In an effort to ease overcrowding at existing gifted and talented centers and to keep students closer to their base schools, the Fairfax County Pubic Schools Instructional Services staff, along with the school system's Gifted and Talented (GT) Advisory Committee, is proposing the creation of seven new centers.
As a result, the boundary areas for several existing GT centers will be adjusted for the next school year. The proposed centers are Clearview Elementary in Herndon, Mosby Woods Elementary in Fairfax, Oak Hill Elementary in Fairfax, Providence Elementary in Fairfax, Riverside Elementary in Mount Vernon, and at two of the four elementary schools under construction now, the Andrew Chapel site in Vienna and the Lorton Station site in Lorton.
A minimum of two boundary meetings will be scheduled for each of the proposed centers. In the case of the two new schools, the center boundaries will be incorporated into the overall attendance boundary meetings.
The adjusted boundaries are scheduled to be approved by the Fairfax County School Board in January, with the changes initially affecting third and fourth graders only.
"We tried to look out five years," said Nancy Sprague, assistant superintendent of instructional services. "We will invite all the base schools involved and invite all the centers involved."
UNDER THE PROPOSAL, the new centers will not open with less than 24 students per grade level and will draw from at least three schools. Riverside, however, is not expected to meet the 24-student-per-grade-level minimum upon opening, but is expected to grow once it's established. It is also the only new center proposed that will draw from schools with large numbers of under-represented minorities and students who qualify for free or reduced-priced lunch.
Sprague said the proposal to create new centers was sparked by the increase in students being identified for the centers and to eliminate the need for trailers to accommodate those students.
"The current third grade really caused overcrowding at some sites," Sprague said. "[By initially transitioning third and fourth grades] I think we can sort out the overcrowding more quickly."
Most notably, the increase in identified students caused such overcrowding at Hunter Woods Elementary that an annex at Dogwood Elementary was created. The proposed changes are expected to reduce the Hunter Woods' third grade from 113 students to 46. Forest Edge, which has also seen its GT center enrollment jump, is expected to see its 105-member third-grade class shrink to 39.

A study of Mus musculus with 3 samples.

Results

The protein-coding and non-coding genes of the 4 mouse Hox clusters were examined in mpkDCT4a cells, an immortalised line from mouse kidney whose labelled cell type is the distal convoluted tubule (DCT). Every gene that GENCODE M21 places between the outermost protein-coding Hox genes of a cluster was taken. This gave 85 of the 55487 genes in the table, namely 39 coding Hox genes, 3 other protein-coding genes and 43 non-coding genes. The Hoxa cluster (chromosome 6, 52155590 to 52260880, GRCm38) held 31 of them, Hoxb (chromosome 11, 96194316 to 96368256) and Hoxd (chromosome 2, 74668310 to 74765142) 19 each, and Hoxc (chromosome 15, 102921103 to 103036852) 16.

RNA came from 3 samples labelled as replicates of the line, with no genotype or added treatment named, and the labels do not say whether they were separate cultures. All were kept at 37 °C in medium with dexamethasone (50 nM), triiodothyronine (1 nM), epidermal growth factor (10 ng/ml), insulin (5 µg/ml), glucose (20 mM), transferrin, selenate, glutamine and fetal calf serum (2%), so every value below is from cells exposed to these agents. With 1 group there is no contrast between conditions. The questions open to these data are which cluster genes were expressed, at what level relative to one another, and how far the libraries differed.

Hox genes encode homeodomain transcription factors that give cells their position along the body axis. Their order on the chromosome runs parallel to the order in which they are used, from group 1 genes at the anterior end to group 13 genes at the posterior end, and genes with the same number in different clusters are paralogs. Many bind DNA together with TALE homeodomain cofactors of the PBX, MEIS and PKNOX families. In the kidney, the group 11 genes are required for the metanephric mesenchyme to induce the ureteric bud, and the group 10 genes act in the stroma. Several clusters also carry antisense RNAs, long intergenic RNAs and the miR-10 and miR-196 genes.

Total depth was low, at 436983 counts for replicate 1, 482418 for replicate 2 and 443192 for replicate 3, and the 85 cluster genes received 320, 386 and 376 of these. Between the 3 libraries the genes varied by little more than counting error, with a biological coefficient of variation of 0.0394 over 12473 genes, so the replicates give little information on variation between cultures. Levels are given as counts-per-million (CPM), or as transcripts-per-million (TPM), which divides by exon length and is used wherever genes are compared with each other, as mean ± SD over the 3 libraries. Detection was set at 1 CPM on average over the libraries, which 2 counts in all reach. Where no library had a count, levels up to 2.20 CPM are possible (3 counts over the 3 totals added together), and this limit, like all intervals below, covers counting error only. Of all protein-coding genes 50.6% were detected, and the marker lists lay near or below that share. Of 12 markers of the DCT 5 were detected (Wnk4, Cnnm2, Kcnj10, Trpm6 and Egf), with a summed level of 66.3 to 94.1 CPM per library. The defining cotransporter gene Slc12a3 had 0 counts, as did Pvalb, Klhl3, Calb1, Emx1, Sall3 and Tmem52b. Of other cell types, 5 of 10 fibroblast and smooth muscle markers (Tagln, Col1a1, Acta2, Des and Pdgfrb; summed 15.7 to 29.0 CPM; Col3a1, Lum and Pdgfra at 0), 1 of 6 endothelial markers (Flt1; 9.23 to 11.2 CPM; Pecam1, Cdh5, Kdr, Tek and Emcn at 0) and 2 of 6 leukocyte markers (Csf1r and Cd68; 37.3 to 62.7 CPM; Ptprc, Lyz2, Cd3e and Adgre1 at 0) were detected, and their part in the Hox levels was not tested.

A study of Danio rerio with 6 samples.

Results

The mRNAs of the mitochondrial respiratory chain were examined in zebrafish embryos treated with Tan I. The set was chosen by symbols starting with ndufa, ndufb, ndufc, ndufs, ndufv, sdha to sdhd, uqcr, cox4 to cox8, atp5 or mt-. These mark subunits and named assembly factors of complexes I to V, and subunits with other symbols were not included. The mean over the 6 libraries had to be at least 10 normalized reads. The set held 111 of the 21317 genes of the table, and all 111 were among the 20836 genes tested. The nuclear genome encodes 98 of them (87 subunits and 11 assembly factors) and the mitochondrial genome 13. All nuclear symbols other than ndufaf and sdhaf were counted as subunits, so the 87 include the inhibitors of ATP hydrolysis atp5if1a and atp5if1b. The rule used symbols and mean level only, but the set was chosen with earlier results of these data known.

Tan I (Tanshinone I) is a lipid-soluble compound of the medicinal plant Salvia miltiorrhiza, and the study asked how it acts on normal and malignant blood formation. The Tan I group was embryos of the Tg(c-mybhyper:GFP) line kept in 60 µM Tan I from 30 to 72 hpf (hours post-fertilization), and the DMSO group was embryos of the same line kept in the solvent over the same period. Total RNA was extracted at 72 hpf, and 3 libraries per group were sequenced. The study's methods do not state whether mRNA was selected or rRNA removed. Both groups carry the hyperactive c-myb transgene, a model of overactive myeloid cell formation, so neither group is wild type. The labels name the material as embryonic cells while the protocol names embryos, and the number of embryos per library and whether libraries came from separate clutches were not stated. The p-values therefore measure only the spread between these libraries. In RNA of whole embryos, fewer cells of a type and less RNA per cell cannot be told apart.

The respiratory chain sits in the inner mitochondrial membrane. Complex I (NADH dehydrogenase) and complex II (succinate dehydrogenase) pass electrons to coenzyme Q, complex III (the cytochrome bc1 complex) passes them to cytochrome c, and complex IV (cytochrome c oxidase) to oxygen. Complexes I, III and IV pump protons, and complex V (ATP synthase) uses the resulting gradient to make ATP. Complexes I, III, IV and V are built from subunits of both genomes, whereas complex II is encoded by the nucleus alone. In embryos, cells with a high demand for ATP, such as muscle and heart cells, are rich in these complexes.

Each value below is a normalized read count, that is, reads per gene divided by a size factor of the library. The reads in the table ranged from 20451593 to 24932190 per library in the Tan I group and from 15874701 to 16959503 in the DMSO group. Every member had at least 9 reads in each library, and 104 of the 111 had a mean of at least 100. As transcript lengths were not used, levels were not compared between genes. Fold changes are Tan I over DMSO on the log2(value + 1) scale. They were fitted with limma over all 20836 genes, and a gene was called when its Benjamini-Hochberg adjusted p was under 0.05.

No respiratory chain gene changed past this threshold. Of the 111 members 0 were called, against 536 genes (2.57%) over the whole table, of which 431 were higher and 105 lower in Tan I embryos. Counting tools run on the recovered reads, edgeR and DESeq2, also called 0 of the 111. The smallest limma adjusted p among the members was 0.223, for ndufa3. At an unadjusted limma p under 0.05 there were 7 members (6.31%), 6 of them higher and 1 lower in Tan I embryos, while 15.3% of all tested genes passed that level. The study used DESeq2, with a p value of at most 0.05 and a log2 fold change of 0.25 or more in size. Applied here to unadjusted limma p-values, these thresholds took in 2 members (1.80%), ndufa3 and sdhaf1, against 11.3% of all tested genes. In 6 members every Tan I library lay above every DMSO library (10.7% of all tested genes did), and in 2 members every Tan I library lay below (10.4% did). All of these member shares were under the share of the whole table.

"I like the idea of smaller centers closer to where the kids are," said School Board chairman Stuart Gibson (Hunter Mill), who also warned that shifting student populations around was going to affect the schools' overall test scores. "At Forest Edge, for example, there will be a reduction in test scores if you move out the most affluent kids in the school … those that are the top scoring."
He said he was concerned about not leaving the other students behind and with what effects the changes could have on individual schools' accreditation.
Sprague said that moving the students around could also have a positive effect on test scores, saying the centers "raise the bar" for everyone.
ABOUT THE ONLY SIGN of dissent came from School Board member Christian Braunlich (Lee) who questioned the wisdom of creating a center at Riverside.
"What is the rationale of Riverside as a center? It's not in my district, but several of my students will go there and the school is about to undergo renovations," Braunlich said.
He said the renovations are going to create the need for trailers for general education, let alone the center.
Sprague said a number of factors including the facilities, resources and matching programs went into the decision as to where to put the centers.
"All of the schools [Riverside will draw from] with the exception of Woodlawn are overcrowded. I have concerns because of the renovations, because of the space issue …. I'm looking to be persuaded that this is the best site," Braunlich said.
Other School Board members raised concerns over the parents' reactions to the creation of smaller centers.
"There is a perception among parents of regular education kids that their kid is in a class of 30 and down the hall there is a GT or language immersion class that is 20 kids. It's a hard sell." said Tessie Wilson (Braddock). "The perception is that it is easier for a GT child to function better in a class of 30."
Sprague said the number of students in a GT class fluctuates and often there are just as many students per class as general education.